If you have reached this article, chances are you belong to the educated middle or upper-middle class, the typical newspaper reader. You are what they call in India the somewhat ‘more privileged’ class, even though everything you have achieved is through your hard work. You live in a proper house with toilets, have nutritious food on the table and perhaps even enjoy a few modern comforts.
With basic needs met, you have a view on the society you live in today. You want your streets cleaner, government less corrupt and society more just. Some would say this a good way for a citizen to be, for any country. However, here is the catch. If you are like the people mentioned above, chances are the Congress party hates you.
Yes, you, your personal aspirations and noisy demands from the leadership are not liked. Congress is unable to handle, and frankly would rather do without, this set of achievers in India who have learnt to figure out right and wrong. According to the Congress, you are the ‘mineral water and ice-cream eating’ class. You have ‘no idea of ground reality or what a poor person feels’. They don’t like you. But they like the so-called ‘Rest’ of them.
You question their scams, while the Rest doesn’t care. You want accountability, the Rest is OK with them being just rulers. You want better jobs, education, infrastructure, healthcare and security. The Rest, well, wants it too, but has learnt to be content with some food grain to prevent starvation. You want the leaders of the Congress party, including the first family, to face the media. The Rest, don’t want to trouble the king. Frankly, you my friend are such an irritant you have taken the joy out of politics.
Luckily for the Congress, the Rest have been in far larger numbers than people like you. The Rest have supported them and kept them in power, decade after decade, despite living wretched lives. Despite not having electric power or toilets or schools or jobs, the Rest have believed Congress is going to remove poverty in the next three months.
It is the Rest whom the Congress targets with messages like this: We will remove poverty for you. We will save you from the majority religion, which you must be constantly scared of. We will sign papers that say ‘right to this and that’, but we will not have the resources to provide you this and that. So what if prices keep rising? We are there to ensure you won’t starve. Be happy now, OK? To the irritating educated middle class, these messages don’t work. They don’t believe the Congress. They want more. Fortunately, they have been in small numbers and so not enough to cause election upsets. Well, not for very long. The rising middle class means the Congress support will dwindle every year, unless they make some radical changes to the way they look at common Indians.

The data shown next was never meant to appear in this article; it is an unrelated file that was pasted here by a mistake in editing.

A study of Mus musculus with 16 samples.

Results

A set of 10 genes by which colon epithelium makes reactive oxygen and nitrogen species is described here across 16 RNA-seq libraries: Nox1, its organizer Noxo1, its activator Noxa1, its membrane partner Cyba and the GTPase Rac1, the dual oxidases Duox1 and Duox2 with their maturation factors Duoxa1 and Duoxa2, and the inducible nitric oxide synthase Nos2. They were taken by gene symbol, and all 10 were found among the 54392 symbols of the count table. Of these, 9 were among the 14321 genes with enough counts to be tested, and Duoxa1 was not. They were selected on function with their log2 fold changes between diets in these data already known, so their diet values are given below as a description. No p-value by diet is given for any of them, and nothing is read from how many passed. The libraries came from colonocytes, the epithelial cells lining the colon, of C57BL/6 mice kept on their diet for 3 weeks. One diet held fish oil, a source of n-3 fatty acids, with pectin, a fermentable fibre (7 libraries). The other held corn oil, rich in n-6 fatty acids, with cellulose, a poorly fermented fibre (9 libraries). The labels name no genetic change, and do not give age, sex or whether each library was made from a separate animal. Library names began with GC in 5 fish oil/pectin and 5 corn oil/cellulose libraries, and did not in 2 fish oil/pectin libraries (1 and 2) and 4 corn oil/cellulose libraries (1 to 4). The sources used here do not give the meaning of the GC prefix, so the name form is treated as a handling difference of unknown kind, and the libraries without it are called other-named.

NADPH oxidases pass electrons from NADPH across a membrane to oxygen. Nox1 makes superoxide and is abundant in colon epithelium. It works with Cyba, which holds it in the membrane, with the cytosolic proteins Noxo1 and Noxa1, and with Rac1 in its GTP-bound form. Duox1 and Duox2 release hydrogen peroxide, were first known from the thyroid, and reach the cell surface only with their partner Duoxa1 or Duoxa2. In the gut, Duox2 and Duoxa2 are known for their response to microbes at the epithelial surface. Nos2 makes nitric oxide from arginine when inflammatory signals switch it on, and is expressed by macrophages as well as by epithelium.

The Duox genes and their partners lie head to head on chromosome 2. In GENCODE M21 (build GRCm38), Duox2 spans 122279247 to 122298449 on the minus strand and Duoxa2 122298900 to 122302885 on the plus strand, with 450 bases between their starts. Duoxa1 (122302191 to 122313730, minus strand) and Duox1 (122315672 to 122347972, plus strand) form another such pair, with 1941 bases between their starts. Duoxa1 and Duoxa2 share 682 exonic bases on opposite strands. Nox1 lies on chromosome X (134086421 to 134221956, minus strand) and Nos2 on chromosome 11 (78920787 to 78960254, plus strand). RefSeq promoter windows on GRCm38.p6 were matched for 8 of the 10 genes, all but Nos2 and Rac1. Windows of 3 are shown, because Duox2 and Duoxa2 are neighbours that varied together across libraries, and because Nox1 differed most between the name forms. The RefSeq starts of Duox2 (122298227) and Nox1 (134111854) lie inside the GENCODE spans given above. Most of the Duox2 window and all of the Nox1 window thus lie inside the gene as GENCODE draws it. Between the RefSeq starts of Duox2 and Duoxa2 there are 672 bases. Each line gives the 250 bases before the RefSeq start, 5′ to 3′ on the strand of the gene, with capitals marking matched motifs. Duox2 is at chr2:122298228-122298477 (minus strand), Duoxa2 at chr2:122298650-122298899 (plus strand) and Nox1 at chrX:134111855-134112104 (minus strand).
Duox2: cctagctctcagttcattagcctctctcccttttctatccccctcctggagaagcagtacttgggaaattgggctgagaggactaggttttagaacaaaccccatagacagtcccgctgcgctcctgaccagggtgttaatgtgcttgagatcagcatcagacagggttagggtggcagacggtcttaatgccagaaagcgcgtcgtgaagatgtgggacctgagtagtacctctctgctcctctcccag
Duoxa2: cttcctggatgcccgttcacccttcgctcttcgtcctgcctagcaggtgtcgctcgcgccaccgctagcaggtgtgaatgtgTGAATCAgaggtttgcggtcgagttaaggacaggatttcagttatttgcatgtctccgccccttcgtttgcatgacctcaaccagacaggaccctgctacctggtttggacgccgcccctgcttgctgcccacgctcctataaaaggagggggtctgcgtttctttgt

In particular, two major beliefs within the Congress party are seriously out of date. The first is the Congress’ feudal mindset. It believes in the mai-baap nature of the government, where citizens fold their hands and wait for the rulers to be benevolent. Their top leaders make statements like ‘we gave India computers’, ‘we brought in mobile phones’, ‘we passed this law’ or ‘we gave food’.
What are we supposed to do? Thank them for allowing us to use a mobile phone or a computer which, incidentally, were invented in the West? Or are we to applaud them for spending our own money? This king doing the plebians favours is far removed from today’s needs. Today, the government is supposed to be a partner with the commoners, in aiding a citizen to reach his or her highest potential. Empowered people create wealth in a nation, not the Congress party. As managers of the nation, they can help create a good environment for people to thrive. If they project themselves as kings, it will only jar with the youth.
The second – and most dangerous – Congress belief is that Indians have a lot of differences (correct), these differences need to be respected (also correct), and there should be no attempts to find common ground or homogeneity in the population (absolutely wrong). According to the Congress, all Indians are equal, but separate. Well equal but separate is not equal at all. Ultimately, we have to blend as Indians. We have to agree to a common ground on who we are as people. Where are we similar and where we are not? People often say India is a garden with different flowers. Nice metaphors aside, do note any beautiful garden is manicured, trimmed and arranged in a certain order and symmetry. If you do not do that, you will not have a garden but a wild jungle, like we are today. A leader of this country needs to blend us all well. This is not majoritarianism. We need to define what it means to be Indian, and abide by it, and then keep our differences. Otherwise, we will never progress, but remain a wild shrub.
Outdated values have alienated Congress from the middle class and are making it less relevant to the modern voter with every passing day. The party would do well to reflect on this. Else, well, sitting in the opposition was never fun, was it?